By Jacob J. Wright ; Updated September 21, 2017
Norway spruce has naturally drooping branches covered in prickly needles.

The tall shape and graceful, drooping branches of Norway spruce (Picea abies) may make pruning more challenging since you don't want to destroy the natural form and beauty of the tree. While dead branches warrant removal at any time, trimming back growing branches in increments allows you to create the desired tree shape without accidentally removing too much. Removing branch tips promotes more side branching and removing or trimming lowest branches allows for better pedestrian or vehicle access. Norway spruce trees grow in U.S. Department of Agriculture Plant Hardiness Zones 3 through 7.

Look over the entire tree, focusing on any dead or damaged branches that need full removal.

Cut off dead or yellowing, diseased branches with a hand pruners, making a crisp one-motion cut 1/4-inch above a lower branch junction or in the middle of the stem among live needles. If the branch is larger than 1/2-inch in diameter, consider using a loppers to make the cut. Even larger branches or those needing removal flush with the tree trunk are best removed with a hand-held pruning saw.

Look at the very top of the spruce tree. Only one growing tip or vertical twig, called the leader, should exist. Remove any competing leaders from the tree tip, making the pruning cut 1/4-inch above their attachment to the main leader/trunk. Do not accidentally prune off or damage the leader while you thin out the unwanted, competing leader twigs.

Scout the overall shape of the Norway spruce after all dead and diseased branches are gone. Look for balance among the size, length and distribution of the remaining branches. Also not if any particularly long or errant branches or twigs pose a nuisance over a sidewalk or driveway. Earmark these branches for trimming.

Trim back branches noted in Step 3, using the appropriately size pruning tool. Make pruning cuts 1/4-inch above lower branch junctions if you are trimming back branch tips. If a branch must be more severely cut back, make the anywhere along the branch that currently possesses needles--barren branches will not sprout back. Consider cutting back barren branches to a lower branch junction or the tree trunk rather than leaving an awkward leggy branch.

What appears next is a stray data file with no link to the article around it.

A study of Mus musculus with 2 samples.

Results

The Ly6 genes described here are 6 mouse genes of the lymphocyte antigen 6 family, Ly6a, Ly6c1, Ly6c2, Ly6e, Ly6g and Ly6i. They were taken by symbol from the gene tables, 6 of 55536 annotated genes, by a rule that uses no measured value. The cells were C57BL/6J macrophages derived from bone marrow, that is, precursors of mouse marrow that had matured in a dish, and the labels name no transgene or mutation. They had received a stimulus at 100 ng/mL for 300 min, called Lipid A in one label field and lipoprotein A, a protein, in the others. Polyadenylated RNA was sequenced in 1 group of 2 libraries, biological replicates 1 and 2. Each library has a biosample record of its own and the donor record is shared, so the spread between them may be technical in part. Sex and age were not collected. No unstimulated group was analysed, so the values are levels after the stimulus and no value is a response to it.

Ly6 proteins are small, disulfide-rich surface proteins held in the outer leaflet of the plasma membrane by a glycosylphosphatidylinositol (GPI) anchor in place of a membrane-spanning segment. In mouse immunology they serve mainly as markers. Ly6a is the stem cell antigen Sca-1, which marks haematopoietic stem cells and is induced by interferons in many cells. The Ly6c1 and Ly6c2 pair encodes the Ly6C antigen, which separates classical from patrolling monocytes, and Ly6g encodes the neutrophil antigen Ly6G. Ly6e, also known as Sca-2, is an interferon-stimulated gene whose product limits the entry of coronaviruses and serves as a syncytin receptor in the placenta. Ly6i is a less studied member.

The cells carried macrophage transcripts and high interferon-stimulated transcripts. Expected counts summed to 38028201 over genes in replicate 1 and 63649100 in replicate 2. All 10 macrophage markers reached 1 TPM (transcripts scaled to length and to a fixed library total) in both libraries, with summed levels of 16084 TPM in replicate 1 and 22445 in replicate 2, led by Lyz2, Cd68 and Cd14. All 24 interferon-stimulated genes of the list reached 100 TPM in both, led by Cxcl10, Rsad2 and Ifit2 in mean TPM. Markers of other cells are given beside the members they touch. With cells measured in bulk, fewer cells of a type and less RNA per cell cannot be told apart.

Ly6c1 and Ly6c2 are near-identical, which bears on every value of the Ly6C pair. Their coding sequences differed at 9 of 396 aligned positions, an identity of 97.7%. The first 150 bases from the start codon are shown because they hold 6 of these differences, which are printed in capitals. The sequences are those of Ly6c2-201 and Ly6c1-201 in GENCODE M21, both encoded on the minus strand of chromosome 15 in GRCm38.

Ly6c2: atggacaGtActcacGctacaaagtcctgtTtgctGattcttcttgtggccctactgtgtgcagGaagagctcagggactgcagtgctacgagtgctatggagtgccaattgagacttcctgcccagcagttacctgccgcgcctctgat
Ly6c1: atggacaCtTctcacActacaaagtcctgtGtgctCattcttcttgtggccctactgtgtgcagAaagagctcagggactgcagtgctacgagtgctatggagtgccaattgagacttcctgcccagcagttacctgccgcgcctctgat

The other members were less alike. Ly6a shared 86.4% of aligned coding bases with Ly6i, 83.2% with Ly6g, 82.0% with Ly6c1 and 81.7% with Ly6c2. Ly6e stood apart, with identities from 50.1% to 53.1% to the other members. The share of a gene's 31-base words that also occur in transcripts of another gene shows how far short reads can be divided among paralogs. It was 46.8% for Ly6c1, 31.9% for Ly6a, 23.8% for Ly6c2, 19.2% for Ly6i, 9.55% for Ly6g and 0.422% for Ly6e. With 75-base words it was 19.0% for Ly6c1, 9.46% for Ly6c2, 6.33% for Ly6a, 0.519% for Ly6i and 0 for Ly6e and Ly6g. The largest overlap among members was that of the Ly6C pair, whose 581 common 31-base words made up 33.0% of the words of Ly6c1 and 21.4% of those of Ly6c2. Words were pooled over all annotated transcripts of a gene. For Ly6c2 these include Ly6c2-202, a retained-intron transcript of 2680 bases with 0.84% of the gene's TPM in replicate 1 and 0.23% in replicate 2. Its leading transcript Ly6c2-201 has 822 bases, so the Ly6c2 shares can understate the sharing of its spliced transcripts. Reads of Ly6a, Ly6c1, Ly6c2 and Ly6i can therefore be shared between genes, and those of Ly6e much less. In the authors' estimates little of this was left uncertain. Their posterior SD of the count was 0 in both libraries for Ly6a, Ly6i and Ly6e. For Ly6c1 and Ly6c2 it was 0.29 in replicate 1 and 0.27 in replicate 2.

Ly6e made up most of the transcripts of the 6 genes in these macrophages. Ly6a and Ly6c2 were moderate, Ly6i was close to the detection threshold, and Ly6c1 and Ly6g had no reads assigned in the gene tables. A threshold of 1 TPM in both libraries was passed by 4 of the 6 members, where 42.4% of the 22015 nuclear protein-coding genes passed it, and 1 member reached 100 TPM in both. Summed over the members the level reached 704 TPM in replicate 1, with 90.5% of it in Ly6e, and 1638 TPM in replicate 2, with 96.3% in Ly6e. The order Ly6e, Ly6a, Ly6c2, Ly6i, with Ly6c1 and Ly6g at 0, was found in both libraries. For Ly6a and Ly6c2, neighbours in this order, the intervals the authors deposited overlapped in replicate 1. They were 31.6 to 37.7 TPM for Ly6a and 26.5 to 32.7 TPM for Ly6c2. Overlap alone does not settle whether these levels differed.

Reduce the length of dangling branches by snipping them at varying lengths to preserve their graceful habit. Avoid shearing the branches all at the same height; retain the natural, jagged, pendent look of the Norway spruce's branch structure.

Hold back pruning if you are uncertain about desired length. You can always trim later again in late winter. It's better to err on the side of under-pruning a Norway spruce than over-pruning and creating unnatural looking pruning wounds.

 

Things You Will Need

  • Hand pruners (secateurs)
  • Loppers
  • Pruning saw

Tips

  • Consider pruning back branches in midsummer once all the current growing season's growth has flushed out. You can then see the new length of branches and trim or prune back accordingly to get the right length and look on the tree.
  • To maintain a branch length, trim off emerging new growth buds in mid-spring before it elongates and expands.
  • Tall Norway spruce trees warrant the use of ladders, extension poles, or an arborist. Use an arborist with safety equipment to tackle pruning projects and concerns high in the tree.

Warnings

  • New prune spruce branches back into nude areas where no needles grow. New tip buds will only rejuvenate from pruning cuts made on areas of branches that are cloaked in needles.
  • Never "top" a Norway spruce. "Topping" is the harsh, blunt removal of the upper leader or general upper tip of the tree. Once removed, the tree with form a structurally weak, multi-branched replacement top that will not look good.

About the Author

 

Jacob J. Wright became a full-time writer in 2008, with articles appearing on various websites. He has worked professionally at gardens in Colorado, Florida, Minnesota, New York, North Carolina and Pennsylvania. Wright holds a graduate diploma in environmental horticulture from the University of Melbourne, Australia, and a Master of Science in public horticulture from the University of Delaware.